The 6 Must-Haves for Hiring the Best CTO
Freeman Clarke has decades of experience in hiring the best CIOs and CTOs. In several years of refining our screening process, we’ve discovered that good CTOs always have six essential qualities.
- technical Expertise. CTOs must have an extensive understanding of technology, security and engineering, and preferably years of experience in the industry. They need to understand infrastructure, business systems and online technology. And since no field changes more rapidly than IT, they need up-to-date and detailed experience of practices, products and vendors. The best CTOs don’t just follow the field, they’re leaders — active at events and in online discussions.
- People Skills. Of course, all of business is about people. And all software is built by people, for people. Teamwork is at the heart of any successful venture. So the CTO needs to be a coach and mentor to his team, and to ensure that communication needs flows easily upwards, downwards and sideways. Plus a CTO needs to engage with all the stakeholders, be a source of energy and good-humor, and needs to fit in.
- Entrepreneurship. The CTO needs to be passionate about driving growth and fully committed to the ambitions of the business. This means understanding funding and valuation mechanisms, business plans, and disciplines like marketing and legal. Of course, any complex project has issues, and the CTO needs to be creative, agile and proactive to rapidly recognize when changes are necessary to stay on track.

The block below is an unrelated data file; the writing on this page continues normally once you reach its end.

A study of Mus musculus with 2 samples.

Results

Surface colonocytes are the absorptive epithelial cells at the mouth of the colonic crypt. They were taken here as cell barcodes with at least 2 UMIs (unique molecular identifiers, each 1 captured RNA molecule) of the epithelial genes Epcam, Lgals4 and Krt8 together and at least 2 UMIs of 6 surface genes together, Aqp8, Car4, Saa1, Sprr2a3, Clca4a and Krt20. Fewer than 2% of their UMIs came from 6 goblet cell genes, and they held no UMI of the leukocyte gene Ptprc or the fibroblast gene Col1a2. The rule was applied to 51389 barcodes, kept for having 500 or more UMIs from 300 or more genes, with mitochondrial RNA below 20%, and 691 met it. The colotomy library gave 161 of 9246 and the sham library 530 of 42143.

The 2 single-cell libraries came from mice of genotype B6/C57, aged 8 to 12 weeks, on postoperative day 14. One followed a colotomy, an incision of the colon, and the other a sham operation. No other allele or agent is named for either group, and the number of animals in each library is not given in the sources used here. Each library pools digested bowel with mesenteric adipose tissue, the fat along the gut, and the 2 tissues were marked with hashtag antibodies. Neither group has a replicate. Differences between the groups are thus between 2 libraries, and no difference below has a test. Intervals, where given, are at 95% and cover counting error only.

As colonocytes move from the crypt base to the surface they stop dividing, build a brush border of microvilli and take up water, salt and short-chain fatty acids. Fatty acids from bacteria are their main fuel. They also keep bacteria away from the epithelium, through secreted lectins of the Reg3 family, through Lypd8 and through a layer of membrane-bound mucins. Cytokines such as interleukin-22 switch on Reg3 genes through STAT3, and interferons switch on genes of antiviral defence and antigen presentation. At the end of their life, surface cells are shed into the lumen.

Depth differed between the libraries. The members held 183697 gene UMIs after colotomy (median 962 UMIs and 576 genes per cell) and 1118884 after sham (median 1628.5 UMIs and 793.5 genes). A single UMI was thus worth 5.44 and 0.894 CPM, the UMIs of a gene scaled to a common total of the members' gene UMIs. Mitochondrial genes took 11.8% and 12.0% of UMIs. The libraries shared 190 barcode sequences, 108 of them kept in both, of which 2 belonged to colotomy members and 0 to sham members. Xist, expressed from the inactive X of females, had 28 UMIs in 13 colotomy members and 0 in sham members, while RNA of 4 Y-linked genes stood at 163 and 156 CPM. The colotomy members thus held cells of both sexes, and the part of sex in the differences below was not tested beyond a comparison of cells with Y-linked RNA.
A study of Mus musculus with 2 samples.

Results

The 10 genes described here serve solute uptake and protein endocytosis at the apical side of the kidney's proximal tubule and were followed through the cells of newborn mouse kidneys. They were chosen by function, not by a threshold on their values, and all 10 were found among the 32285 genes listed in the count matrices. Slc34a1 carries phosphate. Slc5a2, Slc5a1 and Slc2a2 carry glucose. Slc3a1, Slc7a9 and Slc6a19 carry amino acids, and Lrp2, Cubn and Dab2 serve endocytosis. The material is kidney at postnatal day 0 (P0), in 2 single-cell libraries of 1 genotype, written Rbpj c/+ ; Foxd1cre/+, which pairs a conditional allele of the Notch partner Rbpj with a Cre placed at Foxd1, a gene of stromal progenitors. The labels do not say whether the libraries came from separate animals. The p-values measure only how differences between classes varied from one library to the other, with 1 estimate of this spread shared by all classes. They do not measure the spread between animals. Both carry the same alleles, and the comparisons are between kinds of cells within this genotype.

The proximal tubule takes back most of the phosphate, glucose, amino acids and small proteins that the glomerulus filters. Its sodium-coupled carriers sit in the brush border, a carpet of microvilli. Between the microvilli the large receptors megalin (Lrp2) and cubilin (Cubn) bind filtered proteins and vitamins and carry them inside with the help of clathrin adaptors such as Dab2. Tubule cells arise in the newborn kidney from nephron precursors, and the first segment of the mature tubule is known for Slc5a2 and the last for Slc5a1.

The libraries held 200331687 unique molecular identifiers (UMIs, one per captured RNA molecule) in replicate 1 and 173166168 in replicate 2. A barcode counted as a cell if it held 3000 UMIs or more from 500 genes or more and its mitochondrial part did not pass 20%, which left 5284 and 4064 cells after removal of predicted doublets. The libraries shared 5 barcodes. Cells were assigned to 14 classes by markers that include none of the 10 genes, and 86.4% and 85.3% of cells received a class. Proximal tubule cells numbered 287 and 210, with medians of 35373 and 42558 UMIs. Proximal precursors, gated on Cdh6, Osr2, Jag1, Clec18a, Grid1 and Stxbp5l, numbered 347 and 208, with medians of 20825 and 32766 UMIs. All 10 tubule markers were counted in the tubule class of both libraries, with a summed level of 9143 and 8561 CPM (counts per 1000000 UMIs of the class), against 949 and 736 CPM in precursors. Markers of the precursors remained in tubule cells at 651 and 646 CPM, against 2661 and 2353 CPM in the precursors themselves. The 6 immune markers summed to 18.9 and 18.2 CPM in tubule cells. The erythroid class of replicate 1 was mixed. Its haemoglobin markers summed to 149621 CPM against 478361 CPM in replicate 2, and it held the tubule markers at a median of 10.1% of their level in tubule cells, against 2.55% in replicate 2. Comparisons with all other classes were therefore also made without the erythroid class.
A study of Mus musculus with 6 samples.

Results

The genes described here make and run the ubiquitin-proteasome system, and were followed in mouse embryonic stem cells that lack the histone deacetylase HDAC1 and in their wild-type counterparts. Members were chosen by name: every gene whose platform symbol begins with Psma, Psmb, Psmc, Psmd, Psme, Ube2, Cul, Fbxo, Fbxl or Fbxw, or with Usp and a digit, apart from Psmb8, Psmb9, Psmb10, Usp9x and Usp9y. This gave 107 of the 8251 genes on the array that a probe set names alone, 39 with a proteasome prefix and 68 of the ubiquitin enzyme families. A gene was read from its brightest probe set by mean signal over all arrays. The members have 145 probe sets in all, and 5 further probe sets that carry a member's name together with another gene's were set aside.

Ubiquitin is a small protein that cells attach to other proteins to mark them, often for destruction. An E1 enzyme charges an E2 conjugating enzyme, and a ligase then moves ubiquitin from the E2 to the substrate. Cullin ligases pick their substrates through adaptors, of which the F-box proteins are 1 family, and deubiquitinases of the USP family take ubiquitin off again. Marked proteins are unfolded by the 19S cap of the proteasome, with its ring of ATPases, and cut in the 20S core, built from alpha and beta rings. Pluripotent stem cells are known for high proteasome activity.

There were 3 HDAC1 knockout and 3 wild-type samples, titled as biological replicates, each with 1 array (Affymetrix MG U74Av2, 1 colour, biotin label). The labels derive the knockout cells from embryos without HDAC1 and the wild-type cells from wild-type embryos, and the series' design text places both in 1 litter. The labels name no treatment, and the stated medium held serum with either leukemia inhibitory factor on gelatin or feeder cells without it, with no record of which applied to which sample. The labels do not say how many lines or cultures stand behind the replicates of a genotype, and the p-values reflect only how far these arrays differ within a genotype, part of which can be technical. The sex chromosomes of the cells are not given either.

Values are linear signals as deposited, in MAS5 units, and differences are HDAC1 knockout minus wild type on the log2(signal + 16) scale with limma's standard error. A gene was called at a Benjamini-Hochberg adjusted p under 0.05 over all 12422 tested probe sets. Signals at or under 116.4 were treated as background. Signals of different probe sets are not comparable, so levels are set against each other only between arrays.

- Business Management Skills. Running an IT team requires good planning, communication skills, and a careful attention to detail. As CTOs are often responsible for compliance issues, they need to be aware of the implications of contractual and regulatory frameworks too. They must know how to monitor their budgets, manage contracts, and negotiate prices. Since so much of IT involves external suppliers, CTOs need to maintain good relationships and long-term commitments while keeping costs under control.
- Strategic Thinking Skills. technical discussions are often painfully detailed. Custom digital technology is complex and intricate. A good CTO both understands the details and the bigger picture — meaning, how the technology will be part of the business strategy. A CTO should also understand that board-level discussions can be vague; key questions are often about the art of the possible. CTOs need to be comfortable with this and strive for strategies that are creative, sensible, useful and flexible.
- Compelling Leadership. The CTO forms part of the senior team. Thus he or she needs to lead from the front — contribute to decision-making, be bold and visionary, and hold others to account. As the business grows, the stakes become higher; the CTO must be able to handle the pressure. Where there are external investors, partners or other stakeholders the CTO needs to represent the business to them. External investors, in particular, need to draw confidence from the CTO, as his or her role is so critical to success.
We devote a huge part of our management effort to the recruitment, screening and selection of CTOs and CIOs. And, because we work in the mid-market, we only select CTOs who can fit in with dynamic businesses, rather than needing the comfort of the corporate environment.